On Jan. 17, 2015, roughly 10 days after the attacks by homegrown Islamic terrorists against Charlie Hebdo magazine and a kosher market, François Hollande went to Tulle, a town in central France, to talk to the folks. He told them, “Life goes on. The sales are on now, so go and buy. Nothing has to change.”

The president chose the no-news-today approach because he saw no gain in addressing the question of Islam in France, an area where frankness and willingness to act have been virtual taboos for him and others for a decade.

Mr. Hollande did ask parliamentary leaders to look into “forms of engagement and the reinforcement of affiliation with the Republic.” That grotesque convolution was meant to mask an attempt at measuring where the country’s Muslims stood in terms of respect for the supremacy of French law, and the national ethos of liberty, equality and brotherhood.

“Nobody knew what to do,” Françoise Fressoz of Le Monde later wrote in describing the circumstances. “Habits and conformity take over. It’s a historic opportunity, but the country missed it.”

The same situation pertains now.

After the 130 murders committed in Paris last month by jihadists mostly with French backgrounds, Mr. Hollande was able to declare war on Islamic State, send an aircraft carrier to the Middle East to fight it, and order a three-month state of emergency in France, which accounted for 1,233 searches and 266 assignments to house arrest during its first 10 days—while ignoring polling over the past three months that shows a clear majority of voters want to send French ground troops to Syria.

Strikingly, the president has turned away from another kind of determination at home. He is showing no signs of listening to the large segments of French society—60% to 70% at intervals over the past five years—that see French Islam as unwilling to commit to the rule of law and French Muslims as responsible for their own failed integration.

The circumstances are more tortured now than ever. The intelligent notion of a potential trade-off between France and its largely Arab Muslim population of five-plus million died with November’s attacks.

The idea was that France could offer an affirmative-action program of jobs, educational advantages and antidiscrimination measures to the Muslim community in exchange for its acceptance of an official charter for Islamic assimilation. Former President Nicolas Sarkozy had once argued in that direction but abandoned the issue. Mr. Hollande has never touched it.

Challenged as a wrong-minded giveaway, recommending a trade-off would be poison in the coming elections for the democratic right and left, and pure delight for Marine Le Pen’s right-wing extremists of the National Front.

Prime Minister Manuel Valls now says Islam must “stand up” and “cut out all excuses” for jihadism and terror, but the president hasn’t endorsed the statement. Mr. Hollande’s silence also met Mr. Valls’s remark, coming well before the recent terrorist attacks, that France faced “a war of civilization.”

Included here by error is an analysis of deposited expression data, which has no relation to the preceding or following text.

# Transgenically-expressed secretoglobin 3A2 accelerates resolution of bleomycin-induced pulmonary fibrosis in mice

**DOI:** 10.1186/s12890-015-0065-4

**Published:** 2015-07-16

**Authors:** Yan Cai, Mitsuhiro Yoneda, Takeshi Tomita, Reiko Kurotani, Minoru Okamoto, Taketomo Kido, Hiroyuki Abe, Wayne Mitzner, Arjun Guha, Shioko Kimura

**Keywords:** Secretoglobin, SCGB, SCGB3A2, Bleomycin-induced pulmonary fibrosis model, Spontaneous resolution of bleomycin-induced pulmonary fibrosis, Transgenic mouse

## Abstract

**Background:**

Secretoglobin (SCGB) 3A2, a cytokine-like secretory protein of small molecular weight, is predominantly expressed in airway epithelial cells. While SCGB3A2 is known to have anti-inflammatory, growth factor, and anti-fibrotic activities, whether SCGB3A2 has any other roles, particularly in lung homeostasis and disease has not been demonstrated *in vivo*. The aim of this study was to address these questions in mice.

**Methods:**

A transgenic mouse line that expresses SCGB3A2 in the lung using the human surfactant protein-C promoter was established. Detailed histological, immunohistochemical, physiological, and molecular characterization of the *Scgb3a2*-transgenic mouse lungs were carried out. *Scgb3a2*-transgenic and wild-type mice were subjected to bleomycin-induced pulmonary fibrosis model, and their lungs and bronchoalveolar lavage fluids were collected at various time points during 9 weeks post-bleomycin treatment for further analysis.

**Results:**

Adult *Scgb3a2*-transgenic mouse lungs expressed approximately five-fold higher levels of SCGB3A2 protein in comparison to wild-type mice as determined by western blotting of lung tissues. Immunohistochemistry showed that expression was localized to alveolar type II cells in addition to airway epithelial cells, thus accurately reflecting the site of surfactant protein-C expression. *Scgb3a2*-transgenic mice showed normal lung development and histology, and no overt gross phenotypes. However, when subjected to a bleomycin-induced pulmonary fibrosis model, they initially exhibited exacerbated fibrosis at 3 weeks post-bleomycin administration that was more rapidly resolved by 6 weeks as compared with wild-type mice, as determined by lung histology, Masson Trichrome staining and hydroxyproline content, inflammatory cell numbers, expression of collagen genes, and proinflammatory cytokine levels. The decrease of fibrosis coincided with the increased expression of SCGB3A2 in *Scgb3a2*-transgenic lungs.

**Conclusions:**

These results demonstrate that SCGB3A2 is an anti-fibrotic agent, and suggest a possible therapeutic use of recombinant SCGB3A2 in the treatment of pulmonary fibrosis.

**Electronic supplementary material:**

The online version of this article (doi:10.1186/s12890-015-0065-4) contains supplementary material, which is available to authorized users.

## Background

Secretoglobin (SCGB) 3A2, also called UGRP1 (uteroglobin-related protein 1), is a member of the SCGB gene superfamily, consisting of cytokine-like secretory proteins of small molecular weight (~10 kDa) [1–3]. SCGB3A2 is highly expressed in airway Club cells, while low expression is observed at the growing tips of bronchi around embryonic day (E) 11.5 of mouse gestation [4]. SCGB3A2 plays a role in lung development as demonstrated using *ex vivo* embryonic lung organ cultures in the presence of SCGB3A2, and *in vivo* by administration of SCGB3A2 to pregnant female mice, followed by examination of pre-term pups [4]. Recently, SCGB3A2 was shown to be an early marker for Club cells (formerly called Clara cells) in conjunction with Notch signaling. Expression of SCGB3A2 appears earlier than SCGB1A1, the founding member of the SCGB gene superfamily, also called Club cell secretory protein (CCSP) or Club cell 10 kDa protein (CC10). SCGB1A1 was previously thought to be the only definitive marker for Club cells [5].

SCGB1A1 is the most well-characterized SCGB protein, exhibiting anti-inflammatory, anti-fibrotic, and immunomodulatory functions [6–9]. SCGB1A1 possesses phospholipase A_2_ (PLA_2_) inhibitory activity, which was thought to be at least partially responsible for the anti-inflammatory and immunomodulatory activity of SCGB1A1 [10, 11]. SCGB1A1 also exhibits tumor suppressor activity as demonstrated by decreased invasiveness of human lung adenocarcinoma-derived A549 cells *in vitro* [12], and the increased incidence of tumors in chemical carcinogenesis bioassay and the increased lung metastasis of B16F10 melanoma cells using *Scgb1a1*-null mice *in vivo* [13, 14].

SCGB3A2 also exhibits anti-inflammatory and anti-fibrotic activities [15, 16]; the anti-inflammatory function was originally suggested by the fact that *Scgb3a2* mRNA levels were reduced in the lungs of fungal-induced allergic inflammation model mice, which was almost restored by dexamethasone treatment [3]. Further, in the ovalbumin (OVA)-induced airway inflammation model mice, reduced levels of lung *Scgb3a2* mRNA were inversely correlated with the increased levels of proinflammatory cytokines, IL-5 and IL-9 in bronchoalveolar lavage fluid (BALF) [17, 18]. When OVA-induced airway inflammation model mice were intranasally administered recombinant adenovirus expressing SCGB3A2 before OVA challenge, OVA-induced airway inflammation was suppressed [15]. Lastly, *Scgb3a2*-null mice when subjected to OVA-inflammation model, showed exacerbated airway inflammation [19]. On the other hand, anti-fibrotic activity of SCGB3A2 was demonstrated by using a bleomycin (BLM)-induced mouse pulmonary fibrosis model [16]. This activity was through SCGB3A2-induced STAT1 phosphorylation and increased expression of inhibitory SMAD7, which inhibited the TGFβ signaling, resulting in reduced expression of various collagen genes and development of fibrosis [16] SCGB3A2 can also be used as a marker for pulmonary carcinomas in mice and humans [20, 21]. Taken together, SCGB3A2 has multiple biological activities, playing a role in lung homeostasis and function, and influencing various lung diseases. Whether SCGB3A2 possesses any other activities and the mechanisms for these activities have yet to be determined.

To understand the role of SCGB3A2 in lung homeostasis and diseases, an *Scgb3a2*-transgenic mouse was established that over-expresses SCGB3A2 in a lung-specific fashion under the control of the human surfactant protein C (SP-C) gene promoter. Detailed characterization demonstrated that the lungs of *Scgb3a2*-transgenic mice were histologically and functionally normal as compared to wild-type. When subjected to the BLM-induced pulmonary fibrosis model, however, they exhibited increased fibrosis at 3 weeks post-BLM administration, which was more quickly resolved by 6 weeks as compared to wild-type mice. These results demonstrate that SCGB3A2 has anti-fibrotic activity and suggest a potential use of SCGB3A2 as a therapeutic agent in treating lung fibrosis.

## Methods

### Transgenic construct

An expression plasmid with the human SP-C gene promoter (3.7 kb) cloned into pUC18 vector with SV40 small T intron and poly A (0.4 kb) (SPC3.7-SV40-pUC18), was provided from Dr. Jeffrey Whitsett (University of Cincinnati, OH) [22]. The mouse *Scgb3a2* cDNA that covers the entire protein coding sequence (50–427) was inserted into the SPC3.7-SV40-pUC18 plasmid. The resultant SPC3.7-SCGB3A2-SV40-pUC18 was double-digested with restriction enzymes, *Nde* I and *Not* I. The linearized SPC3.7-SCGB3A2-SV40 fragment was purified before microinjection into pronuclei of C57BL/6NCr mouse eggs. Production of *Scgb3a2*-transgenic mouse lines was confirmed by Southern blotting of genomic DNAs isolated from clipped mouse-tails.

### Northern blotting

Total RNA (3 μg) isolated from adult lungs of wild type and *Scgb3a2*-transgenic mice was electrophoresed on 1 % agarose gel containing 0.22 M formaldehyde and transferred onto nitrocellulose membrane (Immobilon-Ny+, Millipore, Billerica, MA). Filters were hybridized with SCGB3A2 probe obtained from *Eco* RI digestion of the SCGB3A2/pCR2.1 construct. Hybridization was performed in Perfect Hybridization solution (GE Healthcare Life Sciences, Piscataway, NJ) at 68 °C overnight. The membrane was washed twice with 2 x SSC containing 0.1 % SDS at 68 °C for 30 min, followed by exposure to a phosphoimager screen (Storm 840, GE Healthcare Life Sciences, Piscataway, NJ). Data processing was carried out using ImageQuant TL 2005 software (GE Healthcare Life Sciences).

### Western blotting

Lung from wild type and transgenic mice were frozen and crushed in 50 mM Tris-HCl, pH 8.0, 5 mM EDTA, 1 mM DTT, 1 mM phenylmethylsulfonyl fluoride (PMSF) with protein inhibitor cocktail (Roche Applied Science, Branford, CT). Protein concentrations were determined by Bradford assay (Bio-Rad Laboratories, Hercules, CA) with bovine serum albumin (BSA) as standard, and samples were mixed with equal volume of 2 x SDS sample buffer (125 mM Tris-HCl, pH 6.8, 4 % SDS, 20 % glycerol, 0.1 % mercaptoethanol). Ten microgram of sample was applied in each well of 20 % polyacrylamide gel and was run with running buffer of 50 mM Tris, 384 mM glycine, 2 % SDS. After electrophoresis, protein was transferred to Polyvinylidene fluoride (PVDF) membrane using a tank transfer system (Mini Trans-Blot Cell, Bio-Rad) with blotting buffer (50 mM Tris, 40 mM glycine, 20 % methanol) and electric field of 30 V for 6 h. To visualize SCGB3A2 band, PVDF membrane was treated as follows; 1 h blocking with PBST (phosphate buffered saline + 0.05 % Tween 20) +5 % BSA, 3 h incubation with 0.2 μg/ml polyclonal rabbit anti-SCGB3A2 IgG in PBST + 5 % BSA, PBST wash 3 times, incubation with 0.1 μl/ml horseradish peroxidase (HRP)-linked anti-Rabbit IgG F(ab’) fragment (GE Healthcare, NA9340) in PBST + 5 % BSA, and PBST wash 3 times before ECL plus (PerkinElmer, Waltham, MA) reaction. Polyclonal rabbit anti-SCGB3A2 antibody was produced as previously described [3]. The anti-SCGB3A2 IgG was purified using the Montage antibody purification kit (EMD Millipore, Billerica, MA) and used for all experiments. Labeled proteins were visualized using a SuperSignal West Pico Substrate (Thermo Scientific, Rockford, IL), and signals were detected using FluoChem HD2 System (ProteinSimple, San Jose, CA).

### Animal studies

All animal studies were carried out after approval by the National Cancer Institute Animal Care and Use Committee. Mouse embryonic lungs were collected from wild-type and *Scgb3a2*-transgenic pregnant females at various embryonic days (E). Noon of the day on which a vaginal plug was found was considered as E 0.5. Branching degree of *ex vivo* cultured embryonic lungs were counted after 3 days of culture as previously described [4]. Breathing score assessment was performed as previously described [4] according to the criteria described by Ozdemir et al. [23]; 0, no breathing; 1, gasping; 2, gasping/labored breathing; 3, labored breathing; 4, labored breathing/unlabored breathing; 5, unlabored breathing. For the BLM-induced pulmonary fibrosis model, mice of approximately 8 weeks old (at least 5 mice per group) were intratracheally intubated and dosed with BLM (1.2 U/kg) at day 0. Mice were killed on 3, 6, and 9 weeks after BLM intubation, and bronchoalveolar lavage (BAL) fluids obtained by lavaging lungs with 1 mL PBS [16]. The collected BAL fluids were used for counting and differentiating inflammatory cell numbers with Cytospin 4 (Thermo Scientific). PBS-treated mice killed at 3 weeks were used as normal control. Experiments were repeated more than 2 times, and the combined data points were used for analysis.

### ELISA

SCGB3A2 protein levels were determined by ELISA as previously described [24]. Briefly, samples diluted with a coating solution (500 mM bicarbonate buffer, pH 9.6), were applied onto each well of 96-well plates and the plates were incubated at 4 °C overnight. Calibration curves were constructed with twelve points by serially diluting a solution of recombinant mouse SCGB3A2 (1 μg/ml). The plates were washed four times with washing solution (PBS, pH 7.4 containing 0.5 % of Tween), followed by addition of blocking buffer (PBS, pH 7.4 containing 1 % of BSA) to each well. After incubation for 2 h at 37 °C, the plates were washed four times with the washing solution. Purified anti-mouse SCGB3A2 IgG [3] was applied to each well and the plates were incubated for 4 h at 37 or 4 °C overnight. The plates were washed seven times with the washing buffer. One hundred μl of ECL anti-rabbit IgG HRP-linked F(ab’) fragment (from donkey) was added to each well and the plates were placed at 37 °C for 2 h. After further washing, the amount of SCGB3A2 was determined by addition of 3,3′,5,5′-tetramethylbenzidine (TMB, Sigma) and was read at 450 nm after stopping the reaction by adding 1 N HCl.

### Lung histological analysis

With a considerable slice of Muslim voters having backed him in the past, the president may be trying to avoid accusations of Islamophobia. His approach certainly isn’t one that deals with what Alain Minc, a French intellectual of stature, writes is an “Islam that resembles a subterranean territory within French society.”

How can Mr. Hollande and France deal with the problem at the lowest level of possible confrontation or conflict?

Mr. Minc and others (notably a high-level French civil servant writing under the pen-name of Camille Desmoulins about French Islam’s lack of responsible governance) have talked of the state consulting representative Muslims about granting Islam the unique status of a consistory or religious council. That would give Islam a binding, official role equal to that of French Roman Catholics, Protestants and Jews, while requiring its allegiance to the primacy of French law. For Islam in everyday French life, that signifies the Civil Code superseding the Koran.

En route, in the manner of Napoleon in 1806 when he began a process extending official status to the Jews, the Muslims would likely be asked to affirm an obligation to defend France ahead of any other consideration. Importantly, Islam’s French representatives could be required to take responsibility for those misusing its name. The obstacles are more than vast, but Mr. Minc says “the results of a delicate truth-operation are predictable”: firm adherence among Muslims to the principles of the Republic.

Then there’s reality.

Accused throughout his years in office of coming up short on authority, a newly hang-out-more-flags Mr. Hollande, aiming at re-election in 2017, has recast himself as a war president battling Islamic State in the Middle East.

And as a president of deconfliction at home? On that front, Mr. Hollande has given no indication about when, or how hard, he is willing to fight.